By Susan Sliwicki
After a brief sabbatical, Market Watch is back. And with every single lot in our Top 5 selling for $10,000 or more, it’s one humdinger of a countdown.
5. $10,099.99 — Leonid Kogan, “Beethoven Violin Concerto,” LP. We’re pretty sure when audiophiles spotted this lot, we heard them cheering like Green Bay Packers fans at Lambeau Field on 4th and 1 with two minutes left in a tied game. “This is one of many records from a sound engineer’s private archive,” the seller wrote. “The huge collection was revealed after his death a few years ago. He worked for famous record companies from the ’30s until late ’60s and as a dedicated music lover,” the seller wrote. "After buying his records, he taped them on a Revox reel player and then archived the vinyl. It is like visiting a record shop with new 40- to 60-year-old records! This particular copy of SAX 2386, pressed in the U.K. in 1960 on Columbia, earned all-around grades of Near Mint. Thirty-nine bids were placed before the auction closed.
4. $10,045.85 — The Beatles, “Love Me Do” b/w “P.S. I Love You,” 45, promo. This copy of Parlophone 45-R 4949, also known as an uber-rare Beatles demo, came straight from a collector’s own shelves to the auction. “Fantastic condition for age, plays like new,” the seller wrote. However, the seller didn’t give a specific record grade, nor did he clarify whether a sleeve was included. (Based on the photos, there was one.) This lot drew 21 bids, but we suspect it could’ve drawn even more — and a higher price — had the seller offered just a few more pertinent details and slightly larger photos that would’ve allowed for better examination of the record, labels and sleeve.
3. $10,684.72 — The Beatles, “Love Me Do” b/w “P.S. I Love You,” 45, promo. No, you aren’t seeing double. This is the second “rare” 1962 promo single for The Beatles (complete with the misspelling of Paul McCartney’s last name) to land on our countdown this week. In fairness, copies of this promo record have spent a fair amount of time on our Market Watch countdown over the past two years. However, this one isn’t as nice as some of the copies we’ve seen; it has some light hairline scratches on both sides of the record, and it doesn’t come with the original sleeve. The seller described it in “lovely condition,” but gave no other details. Nineteen bids were placed.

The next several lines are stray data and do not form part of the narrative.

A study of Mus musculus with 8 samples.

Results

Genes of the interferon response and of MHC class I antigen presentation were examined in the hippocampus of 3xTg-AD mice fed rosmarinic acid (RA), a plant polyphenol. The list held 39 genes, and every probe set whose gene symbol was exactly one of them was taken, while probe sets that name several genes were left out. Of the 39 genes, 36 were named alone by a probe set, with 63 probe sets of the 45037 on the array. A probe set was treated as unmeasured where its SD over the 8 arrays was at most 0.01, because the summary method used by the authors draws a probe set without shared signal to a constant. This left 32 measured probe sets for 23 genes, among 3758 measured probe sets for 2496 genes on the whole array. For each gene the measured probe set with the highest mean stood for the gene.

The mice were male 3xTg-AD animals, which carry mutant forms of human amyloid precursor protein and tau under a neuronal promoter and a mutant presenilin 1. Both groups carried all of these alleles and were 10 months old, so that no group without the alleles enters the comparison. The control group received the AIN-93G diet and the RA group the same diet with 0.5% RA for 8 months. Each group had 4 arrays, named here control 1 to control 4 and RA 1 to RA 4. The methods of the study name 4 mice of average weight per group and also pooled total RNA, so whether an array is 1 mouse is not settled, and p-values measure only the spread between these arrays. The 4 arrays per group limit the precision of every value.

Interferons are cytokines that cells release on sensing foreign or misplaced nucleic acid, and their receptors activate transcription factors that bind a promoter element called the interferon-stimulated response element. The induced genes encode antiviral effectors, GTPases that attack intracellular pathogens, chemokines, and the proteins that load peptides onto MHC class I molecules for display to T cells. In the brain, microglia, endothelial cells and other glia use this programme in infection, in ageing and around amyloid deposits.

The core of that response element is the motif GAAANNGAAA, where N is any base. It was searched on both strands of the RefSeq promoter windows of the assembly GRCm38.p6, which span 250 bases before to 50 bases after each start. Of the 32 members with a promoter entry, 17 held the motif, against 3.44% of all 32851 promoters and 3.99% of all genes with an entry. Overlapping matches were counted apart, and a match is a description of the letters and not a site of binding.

2. $12,176.80 — Billy Nicholls, “Would You Believe,” LP. “Without question, the rarest psychedelic album of all time,” the seller states in his opening description. This original 1968 stereo pressing of Immediate IMPC009 was an unreleased U.K. first pressing, according to the seller. The record is believed to have had a miniscule press run of 100 or less copies. The record earned a grade of Near Mint/Mint-Minus, with the labels coming in at Excellent Plus and the sleeve grading at Very Good Minus. Fifty-one bids were placed before the auction closed.
1. $12,937.85 — The Beatles, “Yesterday and Today,” first-state cover, LP. This uncirculated, original mono pressing of The Beatles’ “Yesterday and Today” (Capitol T2253) still in its shrink wrap was acquired from the family of a former Capitol Records distribution center manager, and it comes with a letter of authenticity. But also included in this lot is a bit of history. There is a memo detailing the destruction of 50,000 Butcher covers at the local dump, an essay about the cover’s history at Capitol, a newspaper clipping and a copy of the recall letter to reviewers who had received promo copies of the LP. The item was sold to a Buy-It-Now bidder.